Take Two host A Martinez (right) and producer Jacob Margolis (left) interview Los Angeles Rams owner Stan Kroenke (center).

The Rams are moving back to Los Angeles after 20 years, so A Martinez sat down with team owner Stan Kroenke to talk about what's to come.

This week, after the St. Louis Rams officially became the Los Angeles Rams, questions arose as to what's going to happen next. We found out that the team will be playing at the L.A. Memorial Coliseum for the 2016 season. After that, the plan is that they'll move to a newly built stadium in Inglewood starting with the 2019 season.

Many other questions remain, which is why A Martinez sat down with team owner Stan Kroenke for an interview about the future of the team and what it was like for Kroenke to move his team out of his home state of Missouri.

Below is a portion of the interview, which has been edited for clarity.

What makes Los Angeles such an attractive market to move a team?

Kroenke: We're in the sports business, you know, a number of places. London, Denver, [Los Angeles]. So, we're also real estate developers. There are just so many factors that you look at, but Los Angeles is a huge market. The National Football League is, you know, the most successful sports league in America by many metrics and it had no team. And so for a guy like me it's pretty obvious, right? The league wants a team here.

How vital is it for this team to be a success on the field right away?

I think it's important. Everybody loves a winner. I think Southern California, it's very important. You win, people like it. On the other hand, we want to also be a place that people like to come. That's entertaining. Jimmy Dolan and the Madison Square Garden in New York, whether they won or they didn't win, was always an attractive place for people to come. And it was a center of activity and it's a place you wanted to be. And so that was a great example. But these things work a lot better, and as an owner it's a heck of a lot more fun when you're winning.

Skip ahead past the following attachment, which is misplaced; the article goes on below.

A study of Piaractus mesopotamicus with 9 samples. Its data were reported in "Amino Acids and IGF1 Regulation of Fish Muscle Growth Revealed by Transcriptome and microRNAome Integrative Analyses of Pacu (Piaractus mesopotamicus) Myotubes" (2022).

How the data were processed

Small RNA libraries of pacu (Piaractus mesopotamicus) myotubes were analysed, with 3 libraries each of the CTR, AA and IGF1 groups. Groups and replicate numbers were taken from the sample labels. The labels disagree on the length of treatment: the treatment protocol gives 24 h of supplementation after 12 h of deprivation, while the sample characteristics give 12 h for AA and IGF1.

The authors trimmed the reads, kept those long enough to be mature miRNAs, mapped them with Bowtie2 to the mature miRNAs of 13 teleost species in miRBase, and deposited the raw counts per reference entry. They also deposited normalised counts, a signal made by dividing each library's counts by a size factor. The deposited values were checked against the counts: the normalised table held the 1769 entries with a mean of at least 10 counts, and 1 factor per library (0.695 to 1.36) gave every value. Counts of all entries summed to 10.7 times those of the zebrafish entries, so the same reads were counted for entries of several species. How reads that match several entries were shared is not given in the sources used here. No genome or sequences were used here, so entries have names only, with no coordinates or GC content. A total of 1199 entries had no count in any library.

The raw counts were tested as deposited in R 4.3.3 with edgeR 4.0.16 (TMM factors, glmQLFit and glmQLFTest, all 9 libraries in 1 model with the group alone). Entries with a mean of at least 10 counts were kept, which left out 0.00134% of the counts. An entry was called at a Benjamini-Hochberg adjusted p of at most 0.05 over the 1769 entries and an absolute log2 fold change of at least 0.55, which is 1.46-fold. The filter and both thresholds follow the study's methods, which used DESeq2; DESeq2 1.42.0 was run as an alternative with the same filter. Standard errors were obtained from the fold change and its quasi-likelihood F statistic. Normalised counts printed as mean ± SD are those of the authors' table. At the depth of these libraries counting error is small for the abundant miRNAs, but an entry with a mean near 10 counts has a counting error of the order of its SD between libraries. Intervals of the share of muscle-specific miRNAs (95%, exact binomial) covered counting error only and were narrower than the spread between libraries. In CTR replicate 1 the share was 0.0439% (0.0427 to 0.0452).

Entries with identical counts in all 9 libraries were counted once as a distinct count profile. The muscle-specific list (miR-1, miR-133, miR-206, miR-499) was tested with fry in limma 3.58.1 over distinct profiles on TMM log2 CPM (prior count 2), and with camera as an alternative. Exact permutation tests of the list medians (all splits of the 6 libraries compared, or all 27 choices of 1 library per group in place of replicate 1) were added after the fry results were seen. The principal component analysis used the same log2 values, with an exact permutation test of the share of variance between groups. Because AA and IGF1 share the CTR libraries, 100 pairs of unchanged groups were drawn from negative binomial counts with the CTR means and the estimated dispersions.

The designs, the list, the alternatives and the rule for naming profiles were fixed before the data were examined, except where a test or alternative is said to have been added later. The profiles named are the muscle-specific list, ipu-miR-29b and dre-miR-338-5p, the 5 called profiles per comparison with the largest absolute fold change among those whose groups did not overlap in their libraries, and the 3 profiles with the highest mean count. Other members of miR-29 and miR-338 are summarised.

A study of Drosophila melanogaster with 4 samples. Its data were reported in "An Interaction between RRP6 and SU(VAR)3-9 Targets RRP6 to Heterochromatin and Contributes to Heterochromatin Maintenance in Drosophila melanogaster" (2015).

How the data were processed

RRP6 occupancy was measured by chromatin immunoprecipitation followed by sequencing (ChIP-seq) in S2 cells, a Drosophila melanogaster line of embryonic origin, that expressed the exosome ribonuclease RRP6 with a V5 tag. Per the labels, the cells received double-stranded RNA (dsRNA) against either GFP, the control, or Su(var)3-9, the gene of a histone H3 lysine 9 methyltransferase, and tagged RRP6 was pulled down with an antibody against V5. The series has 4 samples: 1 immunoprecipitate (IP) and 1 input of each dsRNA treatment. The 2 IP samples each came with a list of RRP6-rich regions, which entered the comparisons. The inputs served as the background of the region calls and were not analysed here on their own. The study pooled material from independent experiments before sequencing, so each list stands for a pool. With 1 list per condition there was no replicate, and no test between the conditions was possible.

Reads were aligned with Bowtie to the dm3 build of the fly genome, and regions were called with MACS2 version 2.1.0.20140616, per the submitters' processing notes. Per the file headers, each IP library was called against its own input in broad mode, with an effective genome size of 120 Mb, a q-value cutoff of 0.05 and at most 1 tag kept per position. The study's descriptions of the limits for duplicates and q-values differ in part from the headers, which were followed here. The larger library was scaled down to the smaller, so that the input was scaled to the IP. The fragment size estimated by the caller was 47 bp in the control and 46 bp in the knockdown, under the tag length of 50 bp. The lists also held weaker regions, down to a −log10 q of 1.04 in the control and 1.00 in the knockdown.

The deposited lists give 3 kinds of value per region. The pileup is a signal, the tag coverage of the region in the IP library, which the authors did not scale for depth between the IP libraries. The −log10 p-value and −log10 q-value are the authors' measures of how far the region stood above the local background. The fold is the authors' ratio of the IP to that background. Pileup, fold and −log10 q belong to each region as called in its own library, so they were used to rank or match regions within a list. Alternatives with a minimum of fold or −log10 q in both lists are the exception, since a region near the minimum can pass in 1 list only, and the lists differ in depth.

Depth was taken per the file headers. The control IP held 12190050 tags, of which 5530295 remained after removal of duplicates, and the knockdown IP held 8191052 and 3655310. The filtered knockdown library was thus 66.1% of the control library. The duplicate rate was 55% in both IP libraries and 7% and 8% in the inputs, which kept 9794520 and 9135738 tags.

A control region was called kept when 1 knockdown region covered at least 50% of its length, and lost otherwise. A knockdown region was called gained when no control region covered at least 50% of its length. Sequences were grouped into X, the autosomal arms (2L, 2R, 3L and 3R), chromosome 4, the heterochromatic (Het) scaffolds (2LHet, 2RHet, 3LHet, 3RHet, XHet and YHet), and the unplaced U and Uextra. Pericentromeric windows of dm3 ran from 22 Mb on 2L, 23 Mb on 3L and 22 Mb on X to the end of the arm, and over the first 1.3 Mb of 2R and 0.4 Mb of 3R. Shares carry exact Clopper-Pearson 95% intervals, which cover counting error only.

So, this project has to be more than just the Rams just winning. This project has more to do with just the football team?

Three hundred acres, once in a lifetime opportunity. Bigger than Century City as a footprint. I mean, you start laying 300 acres across a lot of places that we're all familiar with, this is a small city. The NFL's very interested in NFL Network occupying it — being sort of the iconic campus on the West Coast for the National Football League. NFL digital perhaps, the NFL football hall of fame.

Why didn't it work in St. Louis? Could it be difficult to return there?

That's behind us, but there's a long history there. Where we play is not just where I play — it's where my 31 partners play. And so they expect you to do certain things, to have facilities that are up to date, and they have to work economically. It's an emotional thing. But, there's the emotional argument and then there's rational. And rationally, unless you argue that you should make a massive donation just to support with, it doesn't make any sense.

Do you regret how it came off in St. Louis?

Well sure, but it's emotional. And I'll say one other thing. Their bright, young, African-American city treasurer said the following — people were being pretty shrill about. She said, "You may not like what Stan said, but what he said was true." Those weren't my facts. Those were other people's facts.

How do you feel about sharing the stadium with the Chargers or the Raiders?

Part of the thing I took pride in here was, it was more than two decades. Nobody had done anything. I was proud because people around the league were talking about nothing getting done in Los Angeles. I came here and I got something. I created an option for my partners and I'm proud of that. I was proud of that all of the way through. I didn't know how it would turn out, but I was proud that I'd done that.

Do you think two teams can thrive in Los Angeles?

You want to get into the rational economics of it? It's always better for me to have another team. Guys play with that question — just remember, that's 10 more play dates every year. That's more people coming to the facility. And we're doing the facility, so it's always better for me. That's really the simple answer.

To hear the full interview, click on the audio embedded at the top of this post. If you're curious as to how financially successful the Rams could be in L.A., Ben Bergman's got the answer.